And the voice of warning shall be unto all people, by the mouths of my disciples, whom I have chosen in these last days.

And they shall go forth and none shall stay them, for I the Lord have commanded them. — Doctrine and Covenants 1:4-5

Lou Ceil and Scott H. Taggart, at Guayaquil Ecuador Temple in 1999, are now matron and president of the Montreal Quebec Temple. They have completed seven full-time missions, serving in Switzerland, Spain, Chile and Zaire; he twice presided over missions.
Lou Ceil and Scott H. Taggart, at Guayaquil Ecuador Temple in 1999, are now matron and president of the Montreal Quebec Temple. They have completed seven full-time missions, serving in Switzerland, Spain, Chile and Zaire; he twice presided over missions. Photo: Photo by John L. Hart

In this passage, the Lord says the "voice of warning" shall go out from "my disciples." Who are His disciples? In the Bible Dictionary, a disciple is defined as, first, a member of the Twelve, also called an apostle. But a disciple is also defined as "all followers of Jesus Christ." That means active members of His Church.

During the October 1997 general conference, Elder Richard G. Scott of the Quorum of the Twelve, asked: "How seriously have you personally taken the Lord's charge to share His gospel? It is a lifelong responsibility. It is to be addressed differently according to the various seasons of your life. Not everyone can be a full-time missionary. If you can, do it. If not, seek other ways to serve that meet your present circumstances.

"As you ponder how to serve, consider where you can best participate in the steps that must unfold for a family or an individual to receive enduring conversion and full gospel blessings. First, the family or individual needs to be identified and prepared to receive the gospel. There follows a doctrinal conversion. That is, an understanding of new doctrines and prayer for confirmation of their truthfulness. As the teachings are practiced and the commandments lived, a testimony is gained, and conversion and baptism result. This effort is best performed by full-time missionaries working with stake missionaries supported by caring members. They systematically present doctrinal principles and are carefully trained to teach and testify of these truths.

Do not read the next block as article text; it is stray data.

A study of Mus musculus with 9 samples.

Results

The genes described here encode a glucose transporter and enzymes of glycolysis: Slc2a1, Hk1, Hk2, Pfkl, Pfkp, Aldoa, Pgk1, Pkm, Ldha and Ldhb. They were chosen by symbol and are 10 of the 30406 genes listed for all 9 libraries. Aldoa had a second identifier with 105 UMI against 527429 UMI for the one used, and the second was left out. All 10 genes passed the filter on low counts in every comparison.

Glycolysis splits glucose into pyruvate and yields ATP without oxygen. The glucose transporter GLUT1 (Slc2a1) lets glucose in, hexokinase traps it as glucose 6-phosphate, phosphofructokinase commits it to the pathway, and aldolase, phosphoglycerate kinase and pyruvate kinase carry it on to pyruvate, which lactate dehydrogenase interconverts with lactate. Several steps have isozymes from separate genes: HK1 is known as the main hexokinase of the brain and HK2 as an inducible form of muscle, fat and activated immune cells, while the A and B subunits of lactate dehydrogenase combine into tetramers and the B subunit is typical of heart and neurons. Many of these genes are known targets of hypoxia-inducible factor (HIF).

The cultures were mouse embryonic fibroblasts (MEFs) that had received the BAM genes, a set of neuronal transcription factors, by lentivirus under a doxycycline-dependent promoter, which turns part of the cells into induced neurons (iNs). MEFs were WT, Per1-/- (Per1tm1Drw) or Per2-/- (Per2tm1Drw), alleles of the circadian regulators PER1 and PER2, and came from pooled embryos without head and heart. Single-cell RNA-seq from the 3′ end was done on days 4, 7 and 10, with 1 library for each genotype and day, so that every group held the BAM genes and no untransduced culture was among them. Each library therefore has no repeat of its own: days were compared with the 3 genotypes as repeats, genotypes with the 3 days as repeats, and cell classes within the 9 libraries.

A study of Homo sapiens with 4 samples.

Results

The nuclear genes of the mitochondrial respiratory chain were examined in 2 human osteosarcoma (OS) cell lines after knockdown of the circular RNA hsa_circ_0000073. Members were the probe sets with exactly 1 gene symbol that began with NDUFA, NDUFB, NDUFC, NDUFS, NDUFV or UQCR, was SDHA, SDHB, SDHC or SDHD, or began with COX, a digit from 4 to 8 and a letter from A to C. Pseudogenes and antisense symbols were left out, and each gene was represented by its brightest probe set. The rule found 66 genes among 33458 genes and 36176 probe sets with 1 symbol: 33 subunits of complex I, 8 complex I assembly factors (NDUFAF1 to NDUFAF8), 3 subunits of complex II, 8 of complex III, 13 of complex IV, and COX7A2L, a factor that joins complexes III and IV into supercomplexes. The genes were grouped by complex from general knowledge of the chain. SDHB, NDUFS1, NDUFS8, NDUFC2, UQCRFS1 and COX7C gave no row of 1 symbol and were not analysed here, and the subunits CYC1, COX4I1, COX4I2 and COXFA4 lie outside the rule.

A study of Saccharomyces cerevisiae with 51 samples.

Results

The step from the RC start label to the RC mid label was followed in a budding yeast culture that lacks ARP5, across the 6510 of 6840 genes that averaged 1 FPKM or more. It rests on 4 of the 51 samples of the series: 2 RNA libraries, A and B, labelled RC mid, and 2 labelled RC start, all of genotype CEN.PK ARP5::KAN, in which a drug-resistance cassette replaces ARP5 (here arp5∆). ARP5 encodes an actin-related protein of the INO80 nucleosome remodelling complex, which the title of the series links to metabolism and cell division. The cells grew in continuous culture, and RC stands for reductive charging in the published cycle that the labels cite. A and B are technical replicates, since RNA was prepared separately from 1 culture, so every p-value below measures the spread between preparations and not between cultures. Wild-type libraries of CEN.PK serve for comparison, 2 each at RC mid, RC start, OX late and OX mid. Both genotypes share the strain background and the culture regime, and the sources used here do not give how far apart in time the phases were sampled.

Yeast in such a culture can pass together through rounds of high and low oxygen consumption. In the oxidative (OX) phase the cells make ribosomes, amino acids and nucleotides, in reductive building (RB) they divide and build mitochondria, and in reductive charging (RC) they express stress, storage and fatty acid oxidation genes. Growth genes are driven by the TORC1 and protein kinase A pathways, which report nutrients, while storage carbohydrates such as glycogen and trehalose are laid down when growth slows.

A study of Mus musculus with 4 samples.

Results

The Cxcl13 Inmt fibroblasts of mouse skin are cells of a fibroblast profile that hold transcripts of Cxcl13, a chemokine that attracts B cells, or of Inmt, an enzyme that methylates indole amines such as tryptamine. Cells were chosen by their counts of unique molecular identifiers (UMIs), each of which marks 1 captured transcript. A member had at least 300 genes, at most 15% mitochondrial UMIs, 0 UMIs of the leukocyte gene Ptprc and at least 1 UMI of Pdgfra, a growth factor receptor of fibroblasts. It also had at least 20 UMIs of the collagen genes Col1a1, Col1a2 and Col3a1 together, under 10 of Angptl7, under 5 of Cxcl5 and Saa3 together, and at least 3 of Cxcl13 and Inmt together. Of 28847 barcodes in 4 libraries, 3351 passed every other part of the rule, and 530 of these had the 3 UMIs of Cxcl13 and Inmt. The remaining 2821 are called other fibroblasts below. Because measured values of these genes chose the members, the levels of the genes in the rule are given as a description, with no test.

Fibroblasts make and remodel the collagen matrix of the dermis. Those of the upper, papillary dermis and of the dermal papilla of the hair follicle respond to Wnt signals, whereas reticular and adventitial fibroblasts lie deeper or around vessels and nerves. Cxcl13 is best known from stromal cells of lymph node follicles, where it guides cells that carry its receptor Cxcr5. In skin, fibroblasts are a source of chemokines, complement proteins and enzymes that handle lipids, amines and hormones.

"Simultaneously with doctrinal conversion there must be a social transition. Friends, habits, customs, and traditions not in harmony with the life of a Latter-day Saint are abandoned, replaced by new friends and activities that support a new life. Of the two important changes that must occur in a convert's life — the gaining of a testimony, or doctrinal conversion, and learning how to live as a Latter-day Saint, or the social transition — the latter is the most difficult to achieve. It is best accomplished with the love and support of members. Your worthy example and caring support can lead them through each step required to learn to live as a Latter-day Saint.

"This social transition requires careful nurturing and help to teach new patterns of life, to introduce new friends and to assist the new converts to be obedient and begin to serve in the Church. . . . As the representative of the Lord, President [Gordon B.] Hinckley stressed this vital role of members and leaders to help each new convert feel comfortable and be sustained in living the requirements of a new life. He said, 'With the ever-increasing number of converts, we must make an increasingly substantial effort to assist them as they find their way.' "

Elder Scott concluded his address: "Why every member a missionary? Because that is what the Lord has asked us to do. Prayerfully consider it. There are those who would forever call you the angel of understanding and compassion that led them to the truth, fortified them in their faith, or helped them learn to serve the Lord. Do it."